Originally published in Technical Communication, Vol. 59, No. 1
Thomas L. McPhail. (2010). 3rd ed. Chichester, UK: Wiley-Blackwell. [ISBN 978-1-4443-3030-4. 400 pages, including index. US$49.99 (softcover).]
First published in 2002, this is the third revision of Global Communication: Theories, Stakeholders, and Trends, a scholarly publication about the worldwide distribution of media originating in or controlled by the industrialized nations, in particular the United States. Although not specifically advertised as a textbook, this book does seem targeted at students of communications science, whether they are engaged in formal study or in the informal pursuit of knowledge. Each chapter includes extensive footnotes, as well as an introduction outlining the information to be covered and a summary/conclusion. A long bibliography at the end aids further study of the topic.
Thomas McPhail, a media studies professor at the University of Missouri, divides the world's nations into three groups: core nations (what used to be called the first world), semiperipheral nations (what was previously the second world—mainly the former socialist countries, most of the Middle East, and the BRIC [Brazil, Russia, India, China] countries), and peripheral nations (everyone else, or the third world). He then outlines several major global communication theories, including Electronic Colonialism Theory (ECT) and World System Theory (WST). ECT describes how foreign communications and cultural products alter the values and habits of people in poorer nations for the benefit of core nations. WST outlines how core nations economically dominate poorer nations and how the export of core nation media and cultural products shapes consumer behavior in the semiperipheral and peripheral countries.
The remainder of the book examines the various facets of international communications (including music, TV, news agencies, the Internet, and global advertising) through the prism of these two theories. In addition, media in several regions (Europe, the Middle East, Asia) are covered by guest contributors who specialize in these areas.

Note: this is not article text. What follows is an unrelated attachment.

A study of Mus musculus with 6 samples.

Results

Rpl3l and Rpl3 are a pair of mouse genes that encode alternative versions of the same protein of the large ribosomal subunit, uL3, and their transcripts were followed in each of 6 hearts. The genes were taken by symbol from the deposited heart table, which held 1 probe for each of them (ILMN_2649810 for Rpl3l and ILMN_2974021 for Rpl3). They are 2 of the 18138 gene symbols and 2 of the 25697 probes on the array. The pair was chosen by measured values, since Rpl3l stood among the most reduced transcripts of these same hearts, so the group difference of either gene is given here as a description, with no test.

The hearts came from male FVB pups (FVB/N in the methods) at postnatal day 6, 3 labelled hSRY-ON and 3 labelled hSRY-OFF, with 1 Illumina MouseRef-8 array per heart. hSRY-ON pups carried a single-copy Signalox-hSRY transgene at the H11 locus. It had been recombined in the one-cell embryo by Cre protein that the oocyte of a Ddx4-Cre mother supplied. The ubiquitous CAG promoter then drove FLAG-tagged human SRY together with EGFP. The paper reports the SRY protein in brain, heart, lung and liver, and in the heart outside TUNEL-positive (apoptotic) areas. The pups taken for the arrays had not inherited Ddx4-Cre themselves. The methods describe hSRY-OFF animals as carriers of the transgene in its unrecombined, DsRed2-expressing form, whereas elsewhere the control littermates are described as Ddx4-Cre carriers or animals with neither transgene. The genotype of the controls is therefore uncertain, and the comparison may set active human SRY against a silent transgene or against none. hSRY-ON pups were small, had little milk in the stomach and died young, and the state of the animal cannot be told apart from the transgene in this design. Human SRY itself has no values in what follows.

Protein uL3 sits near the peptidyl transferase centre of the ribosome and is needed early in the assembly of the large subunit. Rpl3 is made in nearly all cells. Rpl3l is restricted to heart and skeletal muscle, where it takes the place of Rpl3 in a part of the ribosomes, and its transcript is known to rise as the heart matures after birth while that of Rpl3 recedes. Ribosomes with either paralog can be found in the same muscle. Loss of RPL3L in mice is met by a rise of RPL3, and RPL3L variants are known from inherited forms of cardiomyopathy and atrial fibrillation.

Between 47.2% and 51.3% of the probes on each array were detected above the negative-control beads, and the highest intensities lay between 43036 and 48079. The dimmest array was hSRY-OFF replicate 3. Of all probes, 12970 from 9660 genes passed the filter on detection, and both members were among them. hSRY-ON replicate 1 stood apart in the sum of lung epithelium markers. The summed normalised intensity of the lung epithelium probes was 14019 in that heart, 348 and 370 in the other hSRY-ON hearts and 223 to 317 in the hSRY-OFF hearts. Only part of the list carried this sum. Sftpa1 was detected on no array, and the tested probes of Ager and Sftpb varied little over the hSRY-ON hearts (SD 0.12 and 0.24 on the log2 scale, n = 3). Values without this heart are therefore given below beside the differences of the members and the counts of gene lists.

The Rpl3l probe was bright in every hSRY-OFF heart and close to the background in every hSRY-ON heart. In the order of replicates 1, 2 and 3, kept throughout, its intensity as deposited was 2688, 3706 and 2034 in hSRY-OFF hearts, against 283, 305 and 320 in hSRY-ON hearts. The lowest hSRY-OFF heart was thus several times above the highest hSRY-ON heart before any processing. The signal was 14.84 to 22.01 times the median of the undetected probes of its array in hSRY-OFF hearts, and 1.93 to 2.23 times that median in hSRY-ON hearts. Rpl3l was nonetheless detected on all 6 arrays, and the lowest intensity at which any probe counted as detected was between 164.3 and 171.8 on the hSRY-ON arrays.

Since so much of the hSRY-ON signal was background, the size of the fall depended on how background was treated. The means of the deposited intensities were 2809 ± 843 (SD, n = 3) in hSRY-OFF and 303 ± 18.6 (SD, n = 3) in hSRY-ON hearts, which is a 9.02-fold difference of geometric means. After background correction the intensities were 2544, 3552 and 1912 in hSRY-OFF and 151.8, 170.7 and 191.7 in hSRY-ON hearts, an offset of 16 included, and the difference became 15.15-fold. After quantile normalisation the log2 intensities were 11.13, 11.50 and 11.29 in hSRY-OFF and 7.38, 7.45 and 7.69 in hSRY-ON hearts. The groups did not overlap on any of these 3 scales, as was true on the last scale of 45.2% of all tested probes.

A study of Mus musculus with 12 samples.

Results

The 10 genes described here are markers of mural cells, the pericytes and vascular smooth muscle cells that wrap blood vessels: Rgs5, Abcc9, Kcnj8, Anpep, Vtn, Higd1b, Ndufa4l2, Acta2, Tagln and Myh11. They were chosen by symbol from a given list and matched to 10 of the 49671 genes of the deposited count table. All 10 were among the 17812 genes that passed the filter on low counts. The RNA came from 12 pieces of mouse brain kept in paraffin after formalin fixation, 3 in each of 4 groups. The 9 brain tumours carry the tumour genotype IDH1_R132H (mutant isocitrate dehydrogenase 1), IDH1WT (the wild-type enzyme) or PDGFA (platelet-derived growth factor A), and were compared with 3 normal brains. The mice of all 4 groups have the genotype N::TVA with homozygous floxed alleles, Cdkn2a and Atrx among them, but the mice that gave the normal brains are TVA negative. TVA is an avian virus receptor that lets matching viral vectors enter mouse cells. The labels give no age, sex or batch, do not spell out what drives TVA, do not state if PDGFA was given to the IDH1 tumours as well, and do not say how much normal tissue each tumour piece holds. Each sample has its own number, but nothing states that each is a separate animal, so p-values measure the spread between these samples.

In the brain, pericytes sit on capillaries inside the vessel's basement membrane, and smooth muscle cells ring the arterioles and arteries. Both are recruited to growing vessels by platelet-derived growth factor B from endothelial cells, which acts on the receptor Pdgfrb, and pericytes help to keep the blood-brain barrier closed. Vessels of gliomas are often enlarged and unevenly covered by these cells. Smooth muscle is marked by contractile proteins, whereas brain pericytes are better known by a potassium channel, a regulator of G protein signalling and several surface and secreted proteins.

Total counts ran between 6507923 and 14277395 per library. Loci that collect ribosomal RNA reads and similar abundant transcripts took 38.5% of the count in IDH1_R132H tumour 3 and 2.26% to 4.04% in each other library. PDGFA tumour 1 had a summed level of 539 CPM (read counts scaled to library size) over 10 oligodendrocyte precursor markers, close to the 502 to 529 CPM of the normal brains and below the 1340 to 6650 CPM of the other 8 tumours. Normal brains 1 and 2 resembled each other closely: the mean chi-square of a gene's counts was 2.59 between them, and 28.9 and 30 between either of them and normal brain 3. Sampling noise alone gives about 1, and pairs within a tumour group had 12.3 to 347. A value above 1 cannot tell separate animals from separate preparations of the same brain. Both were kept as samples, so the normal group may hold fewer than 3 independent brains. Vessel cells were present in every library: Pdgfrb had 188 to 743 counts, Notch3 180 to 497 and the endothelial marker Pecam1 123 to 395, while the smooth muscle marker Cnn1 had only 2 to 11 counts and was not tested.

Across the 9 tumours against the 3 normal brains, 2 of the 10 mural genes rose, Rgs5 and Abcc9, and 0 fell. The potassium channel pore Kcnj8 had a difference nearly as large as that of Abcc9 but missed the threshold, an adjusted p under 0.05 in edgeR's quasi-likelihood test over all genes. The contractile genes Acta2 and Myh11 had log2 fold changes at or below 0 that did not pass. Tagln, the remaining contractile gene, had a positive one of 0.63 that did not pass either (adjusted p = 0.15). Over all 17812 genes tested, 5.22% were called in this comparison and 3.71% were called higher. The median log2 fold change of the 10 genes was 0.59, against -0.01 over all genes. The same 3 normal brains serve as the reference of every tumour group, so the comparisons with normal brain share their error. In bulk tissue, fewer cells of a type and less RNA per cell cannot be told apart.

While the chapter titles form a coherent sequence, the individual chapters themselves often seem less focused. Figures sometimes simply repeat in list form information that was already covered in the text, and chapter conclusions occasionally introduce new information. Besides a tighter structure, the book would have benefited from more rigorous copyediting. Numerous spelling and punctuation errors, repeated phrases, and words apparently left behind after revisions make reading unnecessarily cumbersome.
As a theoretical work that addresses large-scale global phenomena and describes multinational corporations, Global Communication is of limited practical use to technical communicators. For readers interested in the influence of core nation media around the globe, however, the book offers a fairly comprehensive overview of the field and its major players. And it concludes with an appeal for investing in peaceful communications instead of warfare—always a welcome sentiment.
Barbara Jungwirth, an STC Senior Member, owns reliable translations LLC (www.reliable-translations.com) where she translates technical documents from German to English and codes for an HIV Web site. She also writes a blog, On Language and Translation (http://reliable-translations.blogspot.com) and posts updates on Twitter (@reliabletran).